One thing that the Arizona Republic points out is that these sorts of issues don’t always come to light as they did at KU. The only reason I knew about it is because some great Heard on the Hill tipsters pointed me to a censure notification. And that got me thinking again about the whole censure process.
The chancellor has to approve every censure notice. Bernadette Gray-Little has approved four such censures of faculty members since December 2010. Robert Hemenway, in his 14 years as chancellor, didn’t approve any. Of course, with access to personnel records the way they are, I can’t say one way or the other how many Hemenway denied or if he just didn’t believe in the process.
And I also noticed that KU’s Faculty Senate Executive Committee was taking notice how a censure notification might affect a faculty member differently today than it did 20 years ago.
Today, such notification might get a professor’s name in Heard on the Hill, for example, where all the world (and the Arizona Republic) can see it if they want to.
Rodolfo Torres, faculty senate president, according to the minutes of a recent meeting, also noticed that change and said that the committee was concerned that sanctions should be commensurate with the offense.
“He noted that in the past, a sanction of Censure would be posted in the Oread (the faculty and staff newsletter that's been replaced by a KU Today daily email) and just a small number of people would know about it,” the minutes read. “Now, everything is online and people all over the world may know when a faculty member is formally sanctioned, and the information can remain in the virtual world of the internet for a very long time after the sanction took place.”
The discussion looked like it was of a more general nature, and not about the specific case of plagiarism.
• Once upon a time, KU contracted with an Overland Park professional energy solutions company named (conveniently enough) Energy Solutions Professionals to perform $25 million in energy improvements in the hopes of saving $2 million per year.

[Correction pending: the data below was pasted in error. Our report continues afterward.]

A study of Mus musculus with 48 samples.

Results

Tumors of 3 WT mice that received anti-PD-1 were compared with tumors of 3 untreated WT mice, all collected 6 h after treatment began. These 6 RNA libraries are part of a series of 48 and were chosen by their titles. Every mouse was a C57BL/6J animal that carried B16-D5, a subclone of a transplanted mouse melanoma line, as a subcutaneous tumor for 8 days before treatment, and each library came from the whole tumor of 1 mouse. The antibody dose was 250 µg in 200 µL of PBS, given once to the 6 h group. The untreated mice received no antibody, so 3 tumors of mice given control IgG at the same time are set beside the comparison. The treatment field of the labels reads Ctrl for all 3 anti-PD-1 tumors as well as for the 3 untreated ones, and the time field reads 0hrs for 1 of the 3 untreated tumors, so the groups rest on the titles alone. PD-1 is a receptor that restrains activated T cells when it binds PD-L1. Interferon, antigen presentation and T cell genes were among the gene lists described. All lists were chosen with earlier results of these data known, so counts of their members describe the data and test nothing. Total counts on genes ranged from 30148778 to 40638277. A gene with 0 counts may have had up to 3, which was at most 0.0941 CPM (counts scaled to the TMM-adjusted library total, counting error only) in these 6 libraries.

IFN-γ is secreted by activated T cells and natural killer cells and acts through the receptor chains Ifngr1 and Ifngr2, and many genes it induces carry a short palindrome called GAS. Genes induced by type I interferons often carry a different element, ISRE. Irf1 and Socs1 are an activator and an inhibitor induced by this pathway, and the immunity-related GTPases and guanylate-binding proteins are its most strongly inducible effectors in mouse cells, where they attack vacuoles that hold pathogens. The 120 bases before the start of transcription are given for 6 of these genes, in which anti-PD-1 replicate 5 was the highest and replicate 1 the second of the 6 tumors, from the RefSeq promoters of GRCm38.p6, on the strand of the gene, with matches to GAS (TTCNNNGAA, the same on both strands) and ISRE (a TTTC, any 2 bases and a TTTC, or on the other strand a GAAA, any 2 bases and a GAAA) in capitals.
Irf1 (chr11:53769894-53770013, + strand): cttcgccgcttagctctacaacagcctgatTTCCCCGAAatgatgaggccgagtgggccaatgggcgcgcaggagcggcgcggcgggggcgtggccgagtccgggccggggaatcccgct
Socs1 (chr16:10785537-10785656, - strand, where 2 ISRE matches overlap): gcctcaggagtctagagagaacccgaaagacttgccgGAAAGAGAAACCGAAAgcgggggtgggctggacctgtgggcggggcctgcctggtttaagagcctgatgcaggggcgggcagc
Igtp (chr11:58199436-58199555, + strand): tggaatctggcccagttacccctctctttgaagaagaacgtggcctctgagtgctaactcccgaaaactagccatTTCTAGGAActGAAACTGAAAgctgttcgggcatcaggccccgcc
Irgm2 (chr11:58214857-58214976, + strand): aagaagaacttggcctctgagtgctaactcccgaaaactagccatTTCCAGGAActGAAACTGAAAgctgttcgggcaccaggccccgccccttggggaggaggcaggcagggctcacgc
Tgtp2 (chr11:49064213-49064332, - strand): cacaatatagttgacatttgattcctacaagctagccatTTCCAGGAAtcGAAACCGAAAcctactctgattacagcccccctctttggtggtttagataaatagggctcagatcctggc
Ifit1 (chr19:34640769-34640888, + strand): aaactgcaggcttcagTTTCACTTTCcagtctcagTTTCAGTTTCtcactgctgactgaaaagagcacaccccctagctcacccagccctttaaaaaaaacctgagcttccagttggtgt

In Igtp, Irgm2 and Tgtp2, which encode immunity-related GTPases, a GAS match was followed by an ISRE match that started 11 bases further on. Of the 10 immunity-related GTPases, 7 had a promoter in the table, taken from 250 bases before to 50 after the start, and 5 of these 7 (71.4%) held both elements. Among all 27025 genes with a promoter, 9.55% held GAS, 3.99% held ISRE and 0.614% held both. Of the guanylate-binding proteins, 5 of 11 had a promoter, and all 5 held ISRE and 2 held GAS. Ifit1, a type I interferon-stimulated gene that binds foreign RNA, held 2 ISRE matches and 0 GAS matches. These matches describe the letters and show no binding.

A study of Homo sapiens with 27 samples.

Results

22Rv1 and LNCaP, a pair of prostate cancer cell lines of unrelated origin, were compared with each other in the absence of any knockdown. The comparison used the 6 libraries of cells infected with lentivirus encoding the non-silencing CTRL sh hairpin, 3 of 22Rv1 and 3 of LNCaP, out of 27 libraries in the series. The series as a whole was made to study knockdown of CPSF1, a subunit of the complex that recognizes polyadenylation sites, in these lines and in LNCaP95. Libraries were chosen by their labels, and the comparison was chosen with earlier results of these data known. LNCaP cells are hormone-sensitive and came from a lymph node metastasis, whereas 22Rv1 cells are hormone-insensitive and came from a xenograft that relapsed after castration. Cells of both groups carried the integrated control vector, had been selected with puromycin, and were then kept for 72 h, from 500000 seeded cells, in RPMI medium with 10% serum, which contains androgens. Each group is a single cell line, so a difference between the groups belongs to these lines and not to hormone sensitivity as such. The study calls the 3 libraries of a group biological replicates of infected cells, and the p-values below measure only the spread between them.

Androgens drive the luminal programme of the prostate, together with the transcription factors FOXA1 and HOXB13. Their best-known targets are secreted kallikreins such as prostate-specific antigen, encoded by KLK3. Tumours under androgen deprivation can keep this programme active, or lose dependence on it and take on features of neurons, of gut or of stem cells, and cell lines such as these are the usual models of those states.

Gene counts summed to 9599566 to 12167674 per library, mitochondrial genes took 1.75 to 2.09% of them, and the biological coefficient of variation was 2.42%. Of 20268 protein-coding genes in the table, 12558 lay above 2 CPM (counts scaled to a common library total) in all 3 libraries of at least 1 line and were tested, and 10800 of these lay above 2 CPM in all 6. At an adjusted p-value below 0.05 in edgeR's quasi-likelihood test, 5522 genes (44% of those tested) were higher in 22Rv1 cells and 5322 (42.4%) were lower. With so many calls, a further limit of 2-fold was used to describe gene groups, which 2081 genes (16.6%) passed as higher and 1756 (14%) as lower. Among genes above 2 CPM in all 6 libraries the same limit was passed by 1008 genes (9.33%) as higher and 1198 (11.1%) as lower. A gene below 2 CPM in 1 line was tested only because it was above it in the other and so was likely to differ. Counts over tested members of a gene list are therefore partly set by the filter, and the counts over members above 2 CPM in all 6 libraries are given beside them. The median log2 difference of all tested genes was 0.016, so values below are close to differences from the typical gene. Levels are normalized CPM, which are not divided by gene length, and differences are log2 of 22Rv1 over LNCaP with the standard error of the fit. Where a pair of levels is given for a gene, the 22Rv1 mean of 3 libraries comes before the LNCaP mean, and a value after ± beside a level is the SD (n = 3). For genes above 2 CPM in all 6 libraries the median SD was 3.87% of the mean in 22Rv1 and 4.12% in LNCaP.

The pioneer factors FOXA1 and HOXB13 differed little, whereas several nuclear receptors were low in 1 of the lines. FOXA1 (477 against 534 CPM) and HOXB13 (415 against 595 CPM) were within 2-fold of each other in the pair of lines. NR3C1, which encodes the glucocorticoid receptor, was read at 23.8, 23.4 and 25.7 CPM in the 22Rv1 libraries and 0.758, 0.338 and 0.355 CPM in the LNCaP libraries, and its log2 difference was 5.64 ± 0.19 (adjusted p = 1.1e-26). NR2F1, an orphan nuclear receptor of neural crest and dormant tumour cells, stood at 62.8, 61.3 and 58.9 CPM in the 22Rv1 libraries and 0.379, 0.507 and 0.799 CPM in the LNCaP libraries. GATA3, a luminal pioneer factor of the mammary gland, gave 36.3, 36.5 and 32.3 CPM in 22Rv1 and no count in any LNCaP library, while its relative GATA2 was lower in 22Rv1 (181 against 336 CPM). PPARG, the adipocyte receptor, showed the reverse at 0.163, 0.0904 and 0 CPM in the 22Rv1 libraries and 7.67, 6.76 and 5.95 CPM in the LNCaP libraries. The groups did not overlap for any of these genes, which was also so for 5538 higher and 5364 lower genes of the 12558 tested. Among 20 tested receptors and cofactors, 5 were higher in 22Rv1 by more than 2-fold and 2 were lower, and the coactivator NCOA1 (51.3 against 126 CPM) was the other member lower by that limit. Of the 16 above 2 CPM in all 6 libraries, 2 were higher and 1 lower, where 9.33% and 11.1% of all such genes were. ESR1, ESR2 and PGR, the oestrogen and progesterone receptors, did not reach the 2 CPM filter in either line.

As part of that contract, the company also said it intended to initiate a program that would be expected to generate energy savings through behavioral changes.
(The $25 million was paid for in bonds that the company guaranteed would be paid back.) Much of that work has now been done, and we’re waiting to see the results.
But we do have the results of the behavioral bit that took place recently. It took the form of a 12-week energy-savings challenge between Bailey Hall, Green Hall and Summerfield Hall.
Students, faculty and staff in Bailey Hall won the prize (a barbecue lunch) by saving 17.2 percent over the 2011. Green Hall saved 15.6 percent, and Summerfield Hall saved 11.1 percent. The savings were calculated by comparing actual weekly usage to a baseline level from 2011.
• A popular event in years past is back again this year. Kansas University’s Monarch Watch program has scheduled its annual spring open house and fundraiser for Saturday.
The event is scheduled from 8 a.m. to 3 p.m. Saturday at Foley Hall, 2021 Constant Ave., on KU’s West Campus. Nearly 4,000 butterfly plants will be available for modest contributions. The plants are designed to help start butterfly gardens.
Games for children will be available, along with other monarch butterfly and bee exhibits and videos.
A list of plants, along with a whole bunch of other information, is available online here.
• What I’m looking for is a fundraiser that sells plants that attract tips for Heard on the Hill. Until I find some of those plants, you’ll just have to keep sending me tips the old-fashioned way at firstname.lastname@example.org.